I am on the login screen and forget my password. I go to the "forgot password" screen, which asks for my email. I fill it out, and I am sent a 2FA email.

Path 1 - "Happy" path

I check the email, click the link, and am routed back to the application. The application is in a logged-out state (aeshetic 1), and I am shown a screen to enter a new password, confirm it, and click the "reset button". Once this form is submitted, there is a "Log in" button, which takes me back to login, where I can use my new password.

Path 2 - Interrupted path

While waiting for the email, I remember my password, and log in successfully.

I get the email. I click the link, which routes me back to the application. The application is already in a logged-in state, which looks very different from the logged-out state (aesthetic 2).

Should I still be shown the next phase of the forgot-password flow (i.e. put in a new password, with password confiration)? Do I need a new design which combines the "forgot password" look of aeshetic 1 with the logged-in look of aeshetic 2? Should I simply show a message saying that the forgot-password link has expired, now that they logged in?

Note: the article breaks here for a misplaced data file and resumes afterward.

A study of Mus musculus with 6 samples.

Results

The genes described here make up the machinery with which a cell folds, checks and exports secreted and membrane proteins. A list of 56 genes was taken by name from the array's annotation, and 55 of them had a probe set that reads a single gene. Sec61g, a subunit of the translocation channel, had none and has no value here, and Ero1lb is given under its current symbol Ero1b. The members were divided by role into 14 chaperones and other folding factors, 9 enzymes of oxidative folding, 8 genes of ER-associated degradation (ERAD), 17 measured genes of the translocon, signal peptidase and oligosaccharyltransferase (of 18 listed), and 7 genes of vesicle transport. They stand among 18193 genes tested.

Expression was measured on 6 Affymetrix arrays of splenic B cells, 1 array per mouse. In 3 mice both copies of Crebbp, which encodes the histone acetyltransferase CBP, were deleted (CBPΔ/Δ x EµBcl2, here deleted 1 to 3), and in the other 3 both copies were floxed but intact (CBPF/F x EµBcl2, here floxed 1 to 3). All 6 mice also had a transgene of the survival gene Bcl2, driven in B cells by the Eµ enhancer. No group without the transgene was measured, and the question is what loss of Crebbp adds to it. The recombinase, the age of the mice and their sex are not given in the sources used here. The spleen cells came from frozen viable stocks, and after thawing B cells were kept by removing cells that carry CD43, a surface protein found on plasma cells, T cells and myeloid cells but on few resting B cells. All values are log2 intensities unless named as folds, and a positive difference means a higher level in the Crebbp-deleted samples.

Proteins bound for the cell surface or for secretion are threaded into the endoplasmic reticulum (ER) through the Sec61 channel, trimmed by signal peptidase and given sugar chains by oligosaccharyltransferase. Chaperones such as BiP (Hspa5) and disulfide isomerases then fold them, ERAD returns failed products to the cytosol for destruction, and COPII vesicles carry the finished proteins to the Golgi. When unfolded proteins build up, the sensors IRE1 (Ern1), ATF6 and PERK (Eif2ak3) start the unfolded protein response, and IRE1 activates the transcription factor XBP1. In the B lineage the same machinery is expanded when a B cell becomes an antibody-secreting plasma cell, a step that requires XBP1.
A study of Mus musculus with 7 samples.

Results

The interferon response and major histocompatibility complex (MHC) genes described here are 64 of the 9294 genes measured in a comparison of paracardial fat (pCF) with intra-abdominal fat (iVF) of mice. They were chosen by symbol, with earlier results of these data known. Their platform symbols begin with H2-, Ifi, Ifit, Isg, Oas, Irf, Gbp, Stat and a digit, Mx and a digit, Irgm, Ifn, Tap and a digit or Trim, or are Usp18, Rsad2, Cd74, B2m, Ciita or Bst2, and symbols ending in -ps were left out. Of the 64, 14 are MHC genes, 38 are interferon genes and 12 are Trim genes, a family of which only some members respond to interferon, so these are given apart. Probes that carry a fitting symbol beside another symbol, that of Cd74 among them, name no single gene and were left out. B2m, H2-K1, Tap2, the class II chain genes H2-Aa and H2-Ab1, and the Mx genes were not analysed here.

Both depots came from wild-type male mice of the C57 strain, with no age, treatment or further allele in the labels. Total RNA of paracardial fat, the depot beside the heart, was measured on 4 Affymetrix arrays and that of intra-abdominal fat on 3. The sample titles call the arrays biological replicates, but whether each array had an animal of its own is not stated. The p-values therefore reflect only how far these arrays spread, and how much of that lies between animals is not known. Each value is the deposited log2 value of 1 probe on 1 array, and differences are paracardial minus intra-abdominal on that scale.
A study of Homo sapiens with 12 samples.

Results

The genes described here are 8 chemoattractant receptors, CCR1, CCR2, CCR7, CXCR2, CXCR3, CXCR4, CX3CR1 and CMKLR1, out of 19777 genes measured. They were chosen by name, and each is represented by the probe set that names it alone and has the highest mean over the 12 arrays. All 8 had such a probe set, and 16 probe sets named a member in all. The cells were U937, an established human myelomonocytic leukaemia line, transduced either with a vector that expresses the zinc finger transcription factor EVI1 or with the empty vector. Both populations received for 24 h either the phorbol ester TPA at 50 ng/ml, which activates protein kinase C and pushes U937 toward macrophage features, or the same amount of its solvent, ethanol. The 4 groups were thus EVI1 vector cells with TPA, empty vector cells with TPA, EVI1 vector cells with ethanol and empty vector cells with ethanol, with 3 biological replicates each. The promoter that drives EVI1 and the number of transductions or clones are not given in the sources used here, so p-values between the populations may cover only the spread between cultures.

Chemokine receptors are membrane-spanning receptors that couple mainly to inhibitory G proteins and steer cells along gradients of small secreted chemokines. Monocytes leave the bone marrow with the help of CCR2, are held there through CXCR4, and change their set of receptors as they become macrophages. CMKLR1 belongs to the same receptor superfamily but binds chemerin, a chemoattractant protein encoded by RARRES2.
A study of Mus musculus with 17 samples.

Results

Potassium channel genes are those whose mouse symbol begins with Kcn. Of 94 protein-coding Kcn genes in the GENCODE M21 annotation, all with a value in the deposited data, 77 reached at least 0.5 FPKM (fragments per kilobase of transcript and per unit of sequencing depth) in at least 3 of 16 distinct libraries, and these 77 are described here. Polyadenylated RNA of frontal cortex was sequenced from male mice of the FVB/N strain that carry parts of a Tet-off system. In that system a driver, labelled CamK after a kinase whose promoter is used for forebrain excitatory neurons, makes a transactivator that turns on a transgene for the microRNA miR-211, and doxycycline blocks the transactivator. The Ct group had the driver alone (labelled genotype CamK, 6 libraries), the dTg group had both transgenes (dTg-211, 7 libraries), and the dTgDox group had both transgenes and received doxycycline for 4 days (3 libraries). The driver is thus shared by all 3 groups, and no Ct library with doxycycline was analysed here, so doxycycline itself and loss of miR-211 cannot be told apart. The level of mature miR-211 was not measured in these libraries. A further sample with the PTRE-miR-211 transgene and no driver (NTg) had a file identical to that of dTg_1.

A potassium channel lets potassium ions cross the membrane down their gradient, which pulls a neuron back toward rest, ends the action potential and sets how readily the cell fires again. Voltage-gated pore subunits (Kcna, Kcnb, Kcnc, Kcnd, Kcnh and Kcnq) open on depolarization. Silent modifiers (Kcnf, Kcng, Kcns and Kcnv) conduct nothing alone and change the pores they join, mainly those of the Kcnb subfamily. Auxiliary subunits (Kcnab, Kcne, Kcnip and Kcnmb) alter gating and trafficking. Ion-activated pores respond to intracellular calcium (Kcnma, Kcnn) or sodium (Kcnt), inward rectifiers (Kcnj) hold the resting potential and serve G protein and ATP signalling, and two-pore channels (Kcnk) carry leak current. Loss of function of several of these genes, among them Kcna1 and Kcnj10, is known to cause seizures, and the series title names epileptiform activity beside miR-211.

Note this application also has a settings section, where a user can update their password as a logged-in user. It has a slightly different look (and set of api calls) than the 'forgot password' flow. It is also a 2FA flow - put in current email and password -> receive email -> click link that routes back to page -> input new password and confirmation and click 'update' -> done.

Should Path 2 simply route to the confirmation step of the "update password" flow described in the above paragraph? This is more complex from a coding perspective, but I want proper UX on this.

2 Answers 2


If you send a password reset link and the user uses it, you should reset the password and also notify all the former email addresses you have on file that the password was reset and to call if not authorized.

After the password has been reset the user should be in a logged out state. This will keep it consistent with expectations since the user hasn't logged in yet.

On a side-note it will also reduce vulnerabilities, since there will be no weird transitions where the user is logged in without having actually logged in. The weird poorly defined glue parts are a prime area for vulnerabilities.

TL/DR. A password reset should reset the password. A login should login (or not). There should be no extra interconnections or seldom used paths.

Path 1, The "happy path" is the way to go.

Also I agree with @Gene-Lee, and would also show them a "You've been booted out because of a password reset" screen advising them to call if unexpected.


Edit: If this account can be shared, then you can add an option under the change password that says "sign out of all devices" similar to how netflix does when you change your pass.